Closing the Screen 2


I’m not the best at Twitter. I’m objectively not the worst, and I’ve certainly gotten better at it, but there’s a lot of room for improvement in there.

As such, I don’t exactly get bombarded by notifications. Which is a little sad sometimes.

But this is mostly my fault. I live this sort of half-existence online. I try to not spend as much time on the Internet as I do, so I don’t actually make an effort to do anything that’s going to tie me there for longer than it needs to. So I lurk.

And when I post something, I sit around waiting for replies, likes, retweets, anything. And it’s not just Twitter. Anywhere I can post and reply to things and get a little red dot next to an inbox (sometimes with a little *ding* noise) I’ll sit around and just wait.

It’s excruciating. Sometimes I think it’s killing me.

Because once you put something out into the world, it’s hard to just let it go. You know who’s out there on the Internet. They’re great, they’re fun, they’re smart, they’re funny, they’re evil. And you want to know if you’re getting attention from any of them.

I imagine it must be how a parent feels when their child goes off to college. Maybe. Okay, probably not.

The truth is, I’m addicted to notifications, just like the rest of the smartphone-wielding world. We’re attached to these numbers, we believe we’re judged by how many people follow us or like our posts.

Sometimes, maybe it’s true.

So, what do we do? I, for one, am tired of being on the fence.

I was recently introduced to the idea of time-blocking. You don’t have to time-block your entire day, of course, but what if you write down an hour-long block of time where you’ll go through all the social media you need to deal with, catch up on blogs, leave your comments, check your replies, leave your mark with your own content, and then just shut down your computer?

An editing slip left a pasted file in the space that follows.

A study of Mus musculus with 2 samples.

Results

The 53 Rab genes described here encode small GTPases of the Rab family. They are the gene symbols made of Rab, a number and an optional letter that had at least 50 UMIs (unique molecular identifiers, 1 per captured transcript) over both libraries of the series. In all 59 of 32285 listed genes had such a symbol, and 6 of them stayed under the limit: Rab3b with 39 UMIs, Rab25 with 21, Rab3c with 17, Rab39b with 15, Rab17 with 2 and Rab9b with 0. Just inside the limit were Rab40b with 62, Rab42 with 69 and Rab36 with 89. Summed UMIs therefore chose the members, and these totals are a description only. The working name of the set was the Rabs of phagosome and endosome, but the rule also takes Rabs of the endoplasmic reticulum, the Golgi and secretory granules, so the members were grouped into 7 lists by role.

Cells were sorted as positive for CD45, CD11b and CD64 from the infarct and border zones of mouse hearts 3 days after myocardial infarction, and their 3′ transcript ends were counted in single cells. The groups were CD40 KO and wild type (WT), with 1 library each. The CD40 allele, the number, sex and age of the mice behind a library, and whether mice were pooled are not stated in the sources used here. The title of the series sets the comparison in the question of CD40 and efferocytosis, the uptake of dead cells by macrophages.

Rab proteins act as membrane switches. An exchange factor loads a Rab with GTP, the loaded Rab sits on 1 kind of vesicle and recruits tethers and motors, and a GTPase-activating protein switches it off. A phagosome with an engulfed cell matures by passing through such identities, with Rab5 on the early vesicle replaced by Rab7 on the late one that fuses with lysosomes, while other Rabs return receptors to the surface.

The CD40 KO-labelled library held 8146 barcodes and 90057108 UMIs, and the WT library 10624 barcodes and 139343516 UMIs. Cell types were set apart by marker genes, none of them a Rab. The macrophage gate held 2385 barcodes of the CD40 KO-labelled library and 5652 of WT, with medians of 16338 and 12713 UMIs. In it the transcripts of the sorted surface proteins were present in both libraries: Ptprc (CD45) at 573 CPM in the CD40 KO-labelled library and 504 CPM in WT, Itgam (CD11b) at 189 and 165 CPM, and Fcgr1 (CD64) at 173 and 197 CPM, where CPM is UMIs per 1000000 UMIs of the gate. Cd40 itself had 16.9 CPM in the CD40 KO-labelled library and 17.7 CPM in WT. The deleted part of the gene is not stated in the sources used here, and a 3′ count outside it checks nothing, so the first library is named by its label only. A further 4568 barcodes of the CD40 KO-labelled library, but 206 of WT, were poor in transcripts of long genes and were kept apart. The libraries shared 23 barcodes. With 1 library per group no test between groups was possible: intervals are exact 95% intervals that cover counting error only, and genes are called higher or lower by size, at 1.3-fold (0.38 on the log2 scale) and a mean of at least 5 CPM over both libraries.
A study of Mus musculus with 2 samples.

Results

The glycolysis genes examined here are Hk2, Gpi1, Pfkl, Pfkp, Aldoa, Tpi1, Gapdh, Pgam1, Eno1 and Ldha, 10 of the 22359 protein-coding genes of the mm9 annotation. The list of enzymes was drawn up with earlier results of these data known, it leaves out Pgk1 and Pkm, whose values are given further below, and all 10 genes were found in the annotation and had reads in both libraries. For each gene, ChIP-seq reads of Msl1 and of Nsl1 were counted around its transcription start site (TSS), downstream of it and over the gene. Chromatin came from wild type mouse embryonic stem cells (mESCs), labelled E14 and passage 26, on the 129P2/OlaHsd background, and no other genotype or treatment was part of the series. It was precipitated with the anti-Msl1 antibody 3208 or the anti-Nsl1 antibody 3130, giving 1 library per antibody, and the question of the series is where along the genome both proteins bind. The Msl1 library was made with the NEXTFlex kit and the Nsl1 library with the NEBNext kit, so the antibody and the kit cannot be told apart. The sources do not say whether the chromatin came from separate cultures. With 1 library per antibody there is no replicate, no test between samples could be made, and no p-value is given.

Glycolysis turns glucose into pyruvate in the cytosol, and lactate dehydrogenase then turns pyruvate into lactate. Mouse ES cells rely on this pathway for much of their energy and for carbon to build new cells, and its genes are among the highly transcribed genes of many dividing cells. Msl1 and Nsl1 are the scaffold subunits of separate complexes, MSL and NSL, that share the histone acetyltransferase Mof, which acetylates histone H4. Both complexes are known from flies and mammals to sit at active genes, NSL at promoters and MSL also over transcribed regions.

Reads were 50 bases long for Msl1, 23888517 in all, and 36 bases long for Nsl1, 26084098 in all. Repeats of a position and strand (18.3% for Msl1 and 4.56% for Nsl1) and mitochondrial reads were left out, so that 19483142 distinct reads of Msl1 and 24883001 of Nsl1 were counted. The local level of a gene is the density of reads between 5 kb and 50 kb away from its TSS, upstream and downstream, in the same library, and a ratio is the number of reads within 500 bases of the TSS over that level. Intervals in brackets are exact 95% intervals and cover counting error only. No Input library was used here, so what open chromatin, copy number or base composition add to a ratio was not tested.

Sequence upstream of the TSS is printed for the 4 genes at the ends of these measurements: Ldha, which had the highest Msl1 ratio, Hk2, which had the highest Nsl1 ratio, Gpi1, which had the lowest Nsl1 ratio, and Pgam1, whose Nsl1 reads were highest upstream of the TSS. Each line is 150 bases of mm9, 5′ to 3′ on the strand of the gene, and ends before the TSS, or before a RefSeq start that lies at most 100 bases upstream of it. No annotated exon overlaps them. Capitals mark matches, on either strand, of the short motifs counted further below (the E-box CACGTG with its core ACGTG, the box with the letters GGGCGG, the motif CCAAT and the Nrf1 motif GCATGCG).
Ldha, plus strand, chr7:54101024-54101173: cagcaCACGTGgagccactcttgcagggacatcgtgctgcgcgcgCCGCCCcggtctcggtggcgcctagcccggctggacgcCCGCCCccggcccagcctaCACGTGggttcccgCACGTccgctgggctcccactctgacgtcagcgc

That’s where I want to be. But it’s hard to go from obsession to moderation. There’s a fine line there. What I need is a reset. So I’m going to shut down for a little while. Maybe a month, maybe longer. You might see me on Twitter because it’s not like I’m packing up my phone, but I’m not going to have much of an online presence for a while.

I’ve relied on the Internet for far too long for far too many things. It’s not been healthy for me or my relationships. I need to reengage with the real world.

Just give me this time to be away from a computer screen (at least when I’m not editing) and I’ll come back when I can be responsible about how I use the computer. I need to learn how to turn the computer on when I need it and shut it down when I’m done.


Photo by Les Jay on Unsplash


About David Shank

David T. Shank is a writer, runner, and musician, in that order. His blog is hopefully an oasis among the vast ocean of negativity that is the Internet. He lives in Cleveland studying how to write good.



  • Jon

    I have a similar problem. I turned off most notification settings on my phone (Instagram! Gmail!! FACEBOOK!!!) for this reason. But it only helped a little bit. Then I deleted the apps, thinking I outsmarted myself. Soon enough, I was logging into these sites through Safari (I have an iPhone which doesn’t help), eating up more of my time with failed password attempts. Then, there is the curse of refreshing your feeds, hopping from one app, going in circles, bored because these apps algorithms merry shuffle content into different orders to make every experience seem new (I’m catching on…)…

    But I like your idea here. I will have to try it!